POW! Right in the Cranium!

In the small dark hours of the morning, it seized me. It seemed to creep up my spine, perhaps along the energy threads that tether me to the earth, from some subterranean blackness where pain is monarch. It settled in the fine vessels and neurons of my brain and clamped them down tight. Thoughts jammed and sizzled in mid-synaptic voyage. The mind became disconnected from the body. Migraine.

The pale glint of the first tentative sunlight on a pair of silver earrings lying on the nightstand was a hot blade of agony. The aroma of brewing coffee, usually so homey and delicious, was the smell of poison. My stomach knotted into a fist and refused to participate in the symphony of physicality that is my waking ritual: stretch, yawn, pad to the window and see how morning looks coming up behind the cold trees, rumble with hunger, greet the cats. Not today.

I dragged to the kitchen and dosed myself with migraine medication and a large cup of the offensive coffee. Caffeine can break the cycle if I get enough right away. I lay on the couch with a blanket over my head to keep out the light until I felt my tormentor subside. When the light was no longer impossible to behold, and the world had shrunk back to normal size (even if it did have a shimmery, underwater aspect), my body was under my command again. It felt loose and clumsy at the joints.

In the clean, white area of my mind scoured by the blast of the migraine was a poem. Or, at least, the rough-hewn blank of a poem ready to be turned on the lathe of craftsmanship, the words all there in the coarse oak, still wearing the bark. Did the poem cause the pain as it crackled and burst into this dimension? Was the migraine a signal of dire power, a homing beacon for errant inspiration? Or did I simply have too much salt in my diet yesterday? Well, whatever the cause or the correlation, the migraine is gone and the poem is here, to be worked on, and chiseled, and smoothed. With luck, it will be worth the pain.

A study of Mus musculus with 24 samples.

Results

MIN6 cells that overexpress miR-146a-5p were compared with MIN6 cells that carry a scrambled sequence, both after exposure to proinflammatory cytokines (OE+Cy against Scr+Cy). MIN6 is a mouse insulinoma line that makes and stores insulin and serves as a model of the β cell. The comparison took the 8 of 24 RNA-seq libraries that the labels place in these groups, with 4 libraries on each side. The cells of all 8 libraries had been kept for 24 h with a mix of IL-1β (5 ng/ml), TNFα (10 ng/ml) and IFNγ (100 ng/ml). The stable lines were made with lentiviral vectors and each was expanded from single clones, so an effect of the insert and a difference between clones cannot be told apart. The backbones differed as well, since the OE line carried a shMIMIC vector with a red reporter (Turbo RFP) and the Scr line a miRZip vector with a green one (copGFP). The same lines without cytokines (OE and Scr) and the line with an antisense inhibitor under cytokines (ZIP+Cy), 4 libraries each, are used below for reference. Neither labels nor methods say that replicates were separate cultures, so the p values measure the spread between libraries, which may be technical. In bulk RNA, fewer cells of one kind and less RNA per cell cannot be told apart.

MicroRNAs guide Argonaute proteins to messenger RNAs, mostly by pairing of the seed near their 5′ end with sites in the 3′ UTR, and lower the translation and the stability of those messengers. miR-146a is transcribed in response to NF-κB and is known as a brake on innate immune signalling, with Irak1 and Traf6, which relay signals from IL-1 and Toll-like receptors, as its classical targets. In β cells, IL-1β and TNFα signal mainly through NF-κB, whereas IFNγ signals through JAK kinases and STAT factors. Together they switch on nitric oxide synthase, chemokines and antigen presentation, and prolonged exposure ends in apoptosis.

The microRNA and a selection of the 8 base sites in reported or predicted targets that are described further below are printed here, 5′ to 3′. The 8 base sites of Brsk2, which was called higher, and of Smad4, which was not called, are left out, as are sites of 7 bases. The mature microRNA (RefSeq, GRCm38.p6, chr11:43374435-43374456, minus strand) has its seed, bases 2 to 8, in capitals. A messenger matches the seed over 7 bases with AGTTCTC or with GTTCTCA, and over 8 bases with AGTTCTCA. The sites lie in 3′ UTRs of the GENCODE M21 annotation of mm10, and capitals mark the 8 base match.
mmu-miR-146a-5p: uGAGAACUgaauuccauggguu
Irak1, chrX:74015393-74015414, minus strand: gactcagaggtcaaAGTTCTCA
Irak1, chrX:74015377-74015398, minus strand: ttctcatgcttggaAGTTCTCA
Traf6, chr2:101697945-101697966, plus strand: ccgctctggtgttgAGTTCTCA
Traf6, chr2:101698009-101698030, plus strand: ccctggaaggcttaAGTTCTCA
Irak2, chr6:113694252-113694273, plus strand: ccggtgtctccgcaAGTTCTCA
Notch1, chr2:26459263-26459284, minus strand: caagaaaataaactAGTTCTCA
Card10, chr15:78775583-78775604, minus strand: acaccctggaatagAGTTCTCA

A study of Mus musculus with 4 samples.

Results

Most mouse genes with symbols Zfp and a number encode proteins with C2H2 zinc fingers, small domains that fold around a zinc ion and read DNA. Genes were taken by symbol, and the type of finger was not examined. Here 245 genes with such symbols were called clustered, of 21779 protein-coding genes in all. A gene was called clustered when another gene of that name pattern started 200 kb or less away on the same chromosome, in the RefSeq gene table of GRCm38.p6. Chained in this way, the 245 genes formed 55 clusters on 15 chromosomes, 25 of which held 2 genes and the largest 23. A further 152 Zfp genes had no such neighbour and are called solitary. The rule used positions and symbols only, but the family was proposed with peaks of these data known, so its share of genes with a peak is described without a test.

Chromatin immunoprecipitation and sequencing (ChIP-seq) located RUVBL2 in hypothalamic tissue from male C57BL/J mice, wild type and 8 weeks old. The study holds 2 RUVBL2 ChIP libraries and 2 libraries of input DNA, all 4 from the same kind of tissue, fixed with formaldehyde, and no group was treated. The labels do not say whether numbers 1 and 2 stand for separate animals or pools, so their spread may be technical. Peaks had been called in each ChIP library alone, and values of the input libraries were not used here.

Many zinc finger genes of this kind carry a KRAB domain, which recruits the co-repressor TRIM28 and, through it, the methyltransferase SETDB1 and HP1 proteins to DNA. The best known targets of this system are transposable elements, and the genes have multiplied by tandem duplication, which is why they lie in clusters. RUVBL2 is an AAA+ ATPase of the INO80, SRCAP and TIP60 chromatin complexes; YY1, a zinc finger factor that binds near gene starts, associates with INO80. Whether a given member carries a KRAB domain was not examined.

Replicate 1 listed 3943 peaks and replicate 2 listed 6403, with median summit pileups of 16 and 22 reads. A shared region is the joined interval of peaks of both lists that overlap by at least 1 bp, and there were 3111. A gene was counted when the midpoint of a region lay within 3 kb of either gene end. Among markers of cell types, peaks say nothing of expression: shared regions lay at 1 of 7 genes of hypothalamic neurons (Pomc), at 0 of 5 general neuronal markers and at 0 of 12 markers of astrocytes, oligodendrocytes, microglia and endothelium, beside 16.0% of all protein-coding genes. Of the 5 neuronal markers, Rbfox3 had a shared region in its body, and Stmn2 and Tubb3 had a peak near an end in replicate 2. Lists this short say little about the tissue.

10 thoughts on “POW! Right in the Cranium!

  1. Yow. My Annie gets migraines, too, but your description is much prettier than hers (sorry hon!). She does get bursts of pure white brilliance through her pain, though, so maybe there’s something to that concept. Inspiration never claimed to be kind.

    1. LOL! Well, we can romanticize anything, I guess, and migraines are pretty spectacular events. Inspiration can definitely be cruel. May Annie receive hers pain free; I know I hope to. 🙂

  2. Ouch! I have gotten “visual migraines” but never the true pain type. But the familiar experience of recognizing the onset symptoms and racing to offset or reduce them – familiar ground indeed. May you get a great poem from your pain!

    1. My really nasty ones often start with electric blue auras around objects, then color bleeding out to purples and oranges. Thankfully, that happens rarely now. I once had one that I truly thought was a stroke. And no poem from that one, either, lol.

  3. I have had migraines for years, I recognise the pain: and the link with our psychological selves. I’ve never had one which produced something wonderful as yours did: rather, they stopped me for days on end, crawling up one side and down the other. I went to the docs and they gave me a miracle tablet, and I don’t have them now. I don’t mourn their passing: but if they did for me what they do for you, I might.

    1. They don’t always leave a gift, Kate, but sometimes… I find it interesting how many of “us” in our little blogging community suffer them. I did read once that they, and bi-polar disorder, were theorized to be linked with creative impulse, especially the literary outlet. I wonder. I’m glad you are migraine free now!

  4. I used to have these incapacitating terrors often, but since I’ve begun to pay attention to my nutrition (and avoid trigger foods and practice yoga), they have become only sporadic visitors. The poem is indeed very rough, but a whole concept, so I hope it turns out well. Don’t know if the migraine had anythng to with jogging it loose, but I’ll take it, however it got here!

  5. Your pain is intimately familiar. I am plagued with this beast, too. They zap me of the will to do anything. Teach me how they can inspire me. I am looking forward to your poem.